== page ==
Hundreds of thousands of people head to the emergency room every year for painful kidney stones, but new research suggests some could find relief at Disney World instead.

After years of hearing patients mention that they passed a kidney stone while vacationing at amusement parks, Dr. David Wartinger, a professor emeritus at Michigan State University College of Osteopathic Medicine, decided it was time to conduct a scientific study to see if those anecdotes were really onto something.

Dr. Dave Wartinger, of the Michigan State University College of Osteopathic Medicine, poses with a silicon cast of the inside of a kidney, August 12, 2016. G.L Kohuth

“We’re here in East Lansing, Michigan, and when spring break happens East Lansing becomes a ghost town. Everyone goes to the amusement parks, to Florida. My patients in large numbers would head to amusement parks in Orlando and I would hear them often coming back reporting this same thing so that it started striking my curiosity. Especially after I had a patient who passed three stones in a row on three consecutive rides,” said Wartinger.

It’s not uncommon for urologists to hear patients talk about dislodging a kidney stone during certain activities that involve a lot of jostling, and Wartinger said one of the recommendations for people with kidney stone pain - when the stones are still small enough to pass, about 4 millimeters - is to go home and stay active and drink a lot of water to see if it will pass on its own. The goal is to avoid putting patients through medical procedures such as lithotripsy, which uses sound waves to break up the stone.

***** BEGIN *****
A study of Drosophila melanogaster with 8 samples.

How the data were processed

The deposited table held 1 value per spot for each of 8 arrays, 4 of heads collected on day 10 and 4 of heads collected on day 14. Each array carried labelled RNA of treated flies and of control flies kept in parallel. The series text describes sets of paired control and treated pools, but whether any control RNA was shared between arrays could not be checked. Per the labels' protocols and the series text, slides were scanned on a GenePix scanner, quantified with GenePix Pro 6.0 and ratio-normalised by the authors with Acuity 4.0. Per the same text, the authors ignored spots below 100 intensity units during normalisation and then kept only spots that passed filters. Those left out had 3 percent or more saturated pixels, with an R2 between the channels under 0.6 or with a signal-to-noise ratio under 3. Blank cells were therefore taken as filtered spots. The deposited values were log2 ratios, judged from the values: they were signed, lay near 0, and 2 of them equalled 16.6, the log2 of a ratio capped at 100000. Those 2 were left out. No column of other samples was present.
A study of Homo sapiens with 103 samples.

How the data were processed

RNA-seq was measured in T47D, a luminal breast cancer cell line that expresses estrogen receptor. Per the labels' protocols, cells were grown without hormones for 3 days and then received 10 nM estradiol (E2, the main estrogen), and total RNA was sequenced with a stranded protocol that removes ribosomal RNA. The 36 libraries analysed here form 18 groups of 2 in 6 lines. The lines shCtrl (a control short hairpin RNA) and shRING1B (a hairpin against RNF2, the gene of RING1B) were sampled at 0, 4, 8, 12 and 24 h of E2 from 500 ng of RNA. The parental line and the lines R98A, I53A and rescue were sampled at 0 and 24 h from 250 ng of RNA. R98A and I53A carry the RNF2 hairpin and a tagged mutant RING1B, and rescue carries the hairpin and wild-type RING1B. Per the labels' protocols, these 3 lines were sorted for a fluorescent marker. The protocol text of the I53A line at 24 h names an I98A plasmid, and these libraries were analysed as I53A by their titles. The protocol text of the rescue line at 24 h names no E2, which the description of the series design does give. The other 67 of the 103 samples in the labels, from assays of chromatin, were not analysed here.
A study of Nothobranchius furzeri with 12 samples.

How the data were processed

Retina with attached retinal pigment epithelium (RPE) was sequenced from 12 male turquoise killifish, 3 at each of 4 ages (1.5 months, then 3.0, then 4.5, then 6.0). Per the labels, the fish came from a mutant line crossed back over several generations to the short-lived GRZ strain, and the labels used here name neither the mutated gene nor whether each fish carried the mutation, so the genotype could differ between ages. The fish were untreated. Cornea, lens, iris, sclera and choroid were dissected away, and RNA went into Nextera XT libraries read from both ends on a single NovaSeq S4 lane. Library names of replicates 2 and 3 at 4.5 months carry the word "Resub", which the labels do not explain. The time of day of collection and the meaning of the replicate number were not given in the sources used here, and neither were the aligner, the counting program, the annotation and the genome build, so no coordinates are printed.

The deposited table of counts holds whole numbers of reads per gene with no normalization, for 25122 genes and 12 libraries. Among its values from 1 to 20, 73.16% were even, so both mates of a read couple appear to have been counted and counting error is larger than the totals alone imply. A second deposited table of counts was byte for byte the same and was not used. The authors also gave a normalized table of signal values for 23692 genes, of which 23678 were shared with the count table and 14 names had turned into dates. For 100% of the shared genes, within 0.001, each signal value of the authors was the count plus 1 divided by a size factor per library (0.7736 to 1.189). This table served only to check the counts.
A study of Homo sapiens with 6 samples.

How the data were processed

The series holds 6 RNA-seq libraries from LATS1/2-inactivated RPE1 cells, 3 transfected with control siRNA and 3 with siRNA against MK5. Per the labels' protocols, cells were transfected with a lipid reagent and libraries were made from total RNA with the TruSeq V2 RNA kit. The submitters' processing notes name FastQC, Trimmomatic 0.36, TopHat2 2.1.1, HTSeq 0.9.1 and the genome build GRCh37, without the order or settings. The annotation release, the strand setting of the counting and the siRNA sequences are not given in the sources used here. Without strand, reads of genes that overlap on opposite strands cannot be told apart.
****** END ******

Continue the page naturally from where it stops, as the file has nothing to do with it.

“It became a story we were more than familiar with – a patient conducting an activity that caused him to pass a stone. This kind of vibratory bouncing around activity is known to be helpful among urologists, but it’s never been studied,” he said.

A silicon cast of the inside of a kidney used in the study. G.L Kohuth

For the study, published in the Journal of the American Osteopathic Association, the research team created a model of a kidney using 3D printer technology. Wartinger said it took about a year to develop. They filled the model with real kidney stones (three different sizes) from the patient whose kidney had been used to create the model, and real urine. 

Then they took off to Disney World where they rode Big Thunder Mountain with their “patient surrogate.”

Sure enough, they determined that the roller coaster frequently helped jog the stones from the simulated kidney, which was situated in an anatomically correct position in a backpack during the rides.

Sitting in the back of the roller coaster garnered the best results. The researchers reported that, independent of kidney stone volume and location, sitting in the back of the roller coaster resulted in a passage rate of almost 64 percent, while sitting in the front seats resulted in a passage rate of almost 17 percent.

Kidney stone patients who get a little white-knuckled on amusement park rides can breathe easy – a fairly moderate roller coaster seems to be good enough to do the trick. Wartinger said Big Thunder Mountain rates about a “5 out of 10” on the scale of scary roller coasters, compared to say, Space Mountain, which he’d rate a “10.”

“This particular roller coaster is the kind that uses a lap bar to hold you in a seat. It’s not a violent roller coaster,” said Wartinger. It doesn’t invert you or go 70 miles per hour.

And it doesn’t have to, in order to work, he added. “I suspect that for every patient, there is probably a roller coaster or activity that would be most likely to dislodge their stone.”


More than 300,000 patients in the United States go to emergency rooms for kidney stones every year, with an estimated 11 percent of men and 6 percent of women experiencing a kidney stone in their lifetime.

Wartinger said the study needs to be replicated in real patients, but he believes it’s promising and supports the osteopathic philosophy of medicine, which emphasizes prevention and the body’s natural ability to heal.

“What could be more osteopathic than finding a relatively low-cost, non-invasive treatment that could prevent suffering for hundreds of thousands of patients? ” he said.